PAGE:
Yesterday, White House Homeland Security Chief John Brennan indicated the Obama administration might not meet President Obama’s January 22, 2010, deadline to close the detention center at Guantánamo Bay. When asked about the president’s executive order to close the prison within a year, Brennan stated, “I don’t have a crystal ball. At this point it is unknowable exactly how many people will be transferred next week, month, several months and what the conditions on the ground will be on 1 January and 21 January…Everybody is doing everything possible in the administration to realize the President’s goal.”
And as the review process forges on, it is critical that the Obama administration not slip into the same legal swamp that engulfed the Bush administration. Despite a recent victory in the habeas case of our client, Mohammed Jawad, in which a federal judge ordered his release from Guantánamo by August 21, the Justice Department has signaled that it is considering bringing criminal charges against him in the United States. Jawad, who was captured when he was as young as 12 years old, has been detained for almost seven years, on evidence that government itself has conceded – and two judges have found – was illegally obtained through torture.
A New York Times editorial this week recognizes the “belated victory for justice” in the Jawad case. The editorial states:
Mr. Holder should heed Judge Huvelle’s stern warning that bringing criminal charges now would raise serious issues, including the violation of Mr. Jawad’s right to a speedy trial, his mental competency and his status as a juvenile subjected to torture. Even if the government succeeded in securing a conviction — highly unlikely — the sentence would almost certainly be limited to the seven hellish years Mr. Jawad has already served.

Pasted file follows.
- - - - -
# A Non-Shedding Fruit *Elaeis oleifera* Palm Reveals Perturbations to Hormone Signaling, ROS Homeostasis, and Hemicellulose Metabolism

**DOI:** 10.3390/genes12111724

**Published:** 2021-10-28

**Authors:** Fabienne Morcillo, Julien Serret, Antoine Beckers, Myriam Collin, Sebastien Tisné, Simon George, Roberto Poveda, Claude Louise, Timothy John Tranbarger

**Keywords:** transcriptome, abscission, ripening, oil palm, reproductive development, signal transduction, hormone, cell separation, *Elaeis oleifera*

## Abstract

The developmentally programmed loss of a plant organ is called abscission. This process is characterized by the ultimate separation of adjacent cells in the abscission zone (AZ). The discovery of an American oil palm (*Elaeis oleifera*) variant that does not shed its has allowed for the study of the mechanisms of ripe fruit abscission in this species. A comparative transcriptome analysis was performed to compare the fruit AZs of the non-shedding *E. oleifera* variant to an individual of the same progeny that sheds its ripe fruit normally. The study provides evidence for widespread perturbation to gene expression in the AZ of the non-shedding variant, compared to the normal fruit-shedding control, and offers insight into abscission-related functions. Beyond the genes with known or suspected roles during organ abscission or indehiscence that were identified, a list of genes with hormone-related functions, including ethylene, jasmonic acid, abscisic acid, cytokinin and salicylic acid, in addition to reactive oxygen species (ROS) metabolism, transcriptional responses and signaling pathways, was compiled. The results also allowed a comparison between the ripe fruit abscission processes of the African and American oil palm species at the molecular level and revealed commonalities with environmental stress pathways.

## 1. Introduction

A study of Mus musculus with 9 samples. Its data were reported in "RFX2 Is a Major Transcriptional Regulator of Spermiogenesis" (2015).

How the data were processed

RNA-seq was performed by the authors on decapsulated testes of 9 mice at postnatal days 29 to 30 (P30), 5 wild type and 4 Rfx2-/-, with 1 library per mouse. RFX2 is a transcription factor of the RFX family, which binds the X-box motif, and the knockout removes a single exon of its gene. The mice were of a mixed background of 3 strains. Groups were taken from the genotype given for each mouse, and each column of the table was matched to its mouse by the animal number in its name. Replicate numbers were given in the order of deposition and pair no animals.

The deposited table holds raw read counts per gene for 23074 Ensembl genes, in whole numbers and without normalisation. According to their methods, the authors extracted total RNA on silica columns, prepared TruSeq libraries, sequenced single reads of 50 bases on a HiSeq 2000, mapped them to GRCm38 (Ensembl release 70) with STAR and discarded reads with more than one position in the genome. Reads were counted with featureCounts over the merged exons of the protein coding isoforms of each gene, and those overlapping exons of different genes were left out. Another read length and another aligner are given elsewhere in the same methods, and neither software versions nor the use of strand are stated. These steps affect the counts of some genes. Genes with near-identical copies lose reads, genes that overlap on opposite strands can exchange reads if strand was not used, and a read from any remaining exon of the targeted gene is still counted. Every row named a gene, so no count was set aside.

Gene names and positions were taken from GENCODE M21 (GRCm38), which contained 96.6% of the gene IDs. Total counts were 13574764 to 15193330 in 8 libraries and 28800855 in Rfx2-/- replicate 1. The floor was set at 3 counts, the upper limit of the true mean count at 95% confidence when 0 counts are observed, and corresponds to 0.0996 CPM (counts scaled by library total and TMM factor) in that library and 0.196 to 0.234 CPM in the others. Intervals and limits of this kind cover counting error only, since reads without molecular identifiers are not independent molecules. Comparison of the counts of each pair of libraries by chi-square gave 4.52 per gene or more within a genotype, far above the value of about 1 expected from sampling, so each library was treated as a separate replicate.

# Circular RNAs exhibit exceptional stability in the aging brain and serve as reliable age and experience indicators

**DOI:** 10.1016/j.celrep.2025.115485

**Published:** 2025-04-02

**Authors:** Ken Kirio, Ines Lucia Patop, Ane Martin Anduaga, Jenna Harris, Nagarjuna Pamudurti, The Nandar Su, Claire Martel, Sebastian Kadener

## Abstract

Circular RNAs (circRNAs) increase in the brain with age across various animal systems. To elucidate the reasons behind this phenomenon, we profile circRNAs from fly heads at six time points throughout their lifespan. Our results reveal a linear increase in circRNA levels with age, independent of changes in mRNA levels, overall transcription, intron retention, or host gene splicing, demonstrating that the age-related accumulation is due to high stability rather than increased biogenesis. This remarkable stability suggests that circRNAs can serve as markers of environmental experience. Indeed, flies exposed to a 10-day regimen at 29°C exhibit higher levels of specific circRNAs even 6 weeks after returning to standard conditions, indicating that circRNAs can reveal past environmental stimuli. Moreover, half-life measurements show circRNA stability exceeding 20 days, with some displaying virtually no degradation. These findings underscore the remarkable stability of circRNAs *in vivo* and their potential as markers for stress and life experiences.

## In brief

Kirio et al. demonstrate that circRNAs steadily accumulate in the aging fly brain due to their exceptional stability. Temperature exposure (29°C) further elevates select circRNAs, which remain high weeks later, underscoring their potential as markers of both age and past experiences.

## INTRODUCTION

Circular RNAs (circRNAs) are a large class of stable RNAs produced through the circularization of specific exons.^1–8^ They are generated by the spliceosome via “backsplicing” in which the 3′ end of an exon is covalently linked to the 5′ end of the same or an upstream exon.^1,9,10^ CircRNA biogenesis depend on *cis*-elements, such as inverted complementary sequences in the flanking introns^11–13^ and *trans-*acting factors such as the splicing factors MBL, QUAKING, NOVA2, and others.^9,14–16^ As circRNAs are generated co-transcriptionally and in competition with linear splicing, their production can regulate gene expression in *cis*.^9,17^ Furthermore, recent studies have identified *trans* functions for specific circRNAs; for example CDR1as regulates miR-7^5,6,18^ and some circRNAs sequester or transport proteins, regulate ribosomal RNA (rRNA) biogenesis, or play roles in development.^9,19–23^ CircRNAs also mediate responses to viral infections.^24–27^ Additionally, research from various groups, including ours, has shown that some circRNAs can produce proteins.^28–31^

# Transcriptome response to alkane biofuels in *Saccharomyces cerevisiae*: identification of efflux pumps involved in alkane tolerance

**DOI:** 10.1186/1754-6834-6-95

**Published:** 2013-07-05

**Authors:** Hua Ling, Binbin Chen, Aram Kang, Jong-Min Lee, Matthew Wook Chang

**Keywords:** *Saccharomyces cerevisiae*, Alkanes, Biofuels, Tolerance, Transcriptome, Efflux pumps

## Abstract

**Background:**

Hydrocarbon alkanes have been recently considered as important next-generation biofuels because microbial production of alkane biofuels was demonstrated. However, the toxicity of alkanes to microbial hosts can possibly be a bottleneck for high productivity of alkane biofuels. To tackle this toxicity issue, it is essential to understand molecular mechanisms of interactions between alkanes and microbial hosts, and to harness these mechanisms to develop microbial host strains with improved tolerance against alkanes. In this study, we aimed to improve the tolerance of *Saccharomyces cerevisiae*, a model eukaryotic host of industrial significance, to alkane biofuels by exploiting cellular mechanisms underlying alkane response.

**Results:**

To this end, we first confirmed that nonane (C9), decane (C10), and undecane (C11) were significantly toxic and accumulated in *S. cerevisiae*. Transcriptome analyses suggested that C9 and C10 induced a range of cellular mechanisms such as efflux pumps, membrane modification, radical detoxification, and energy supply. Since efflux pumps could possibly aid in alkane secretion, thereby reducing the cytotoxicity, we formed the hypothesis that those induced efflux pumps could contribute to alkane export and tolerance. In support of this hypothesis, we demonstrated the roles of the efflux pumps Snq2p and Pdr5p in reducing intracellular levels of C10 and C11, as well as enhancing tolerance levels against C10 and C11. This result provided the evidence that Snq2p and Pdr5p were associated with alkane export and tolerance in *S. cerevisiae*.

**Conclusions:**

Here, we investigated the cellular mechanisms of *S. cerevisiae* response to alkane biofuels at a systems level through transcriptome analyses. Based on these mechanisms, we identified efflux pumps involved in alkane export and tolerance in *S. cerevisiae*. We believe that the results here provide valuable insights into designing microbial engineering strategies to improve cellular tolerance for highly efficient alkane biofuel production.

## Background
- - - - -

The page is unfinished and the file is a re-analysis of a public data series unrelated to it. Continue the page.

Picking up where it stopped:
There is a broader concern, too. Mr. Obama has assigned Mr. Holder the critical task of reviewing the files of Guantánamo detainees to distinguish those having only weak evidence against them from truly dangerous prisoners. We hope the handling of the Jawad case is not representative of how that review is going.
But some signs are troubling. Another recent federal court decision in the case of Guantánamo detainee Khalid Abdullah Mishal Al Mutairi provided yet another glimpse into how the government is struggling to justify indefinite imprisonments in some cases on flimsy evidence. The judge in that case issued a lengthy written opinion eviscerating the government’s evidence, concluding that, “there is nothing in the record beyond speculation” that Al Mutairi had “become a part of al Qaida or an associated force of al Qaida,” as the government alleged. She ordered the Obama administration to “take all necessary and appropriate steps to facilitate Al Mutairi’s release forthwith.”
Simply put, as lawyer Kristine Huskey writes in Justice at Guantanamo: One Woman’s Odyssey and Her Crusade for Human Rights, her newly published account of representing Guantánamo detainees:
[P]rinciples don’t really matter much in times of peace. It’s easy to maintain your ideology when everything is stable and life is good; it’s during times of conflict that holding fast to your values really matters. It is conflict that truly tests your beliefs.
We couldn’t have said it better ourselves. We hope that as the Obama administration tries to meet its January deadline for closing Guantánamo, they will keep Jawad, Mutairi and the countless others who have been detained for years without credible evidence in mind. These men will never be able to regain the years of their lives spent locked up at Gitmo, but we could at least send them home without any further delay.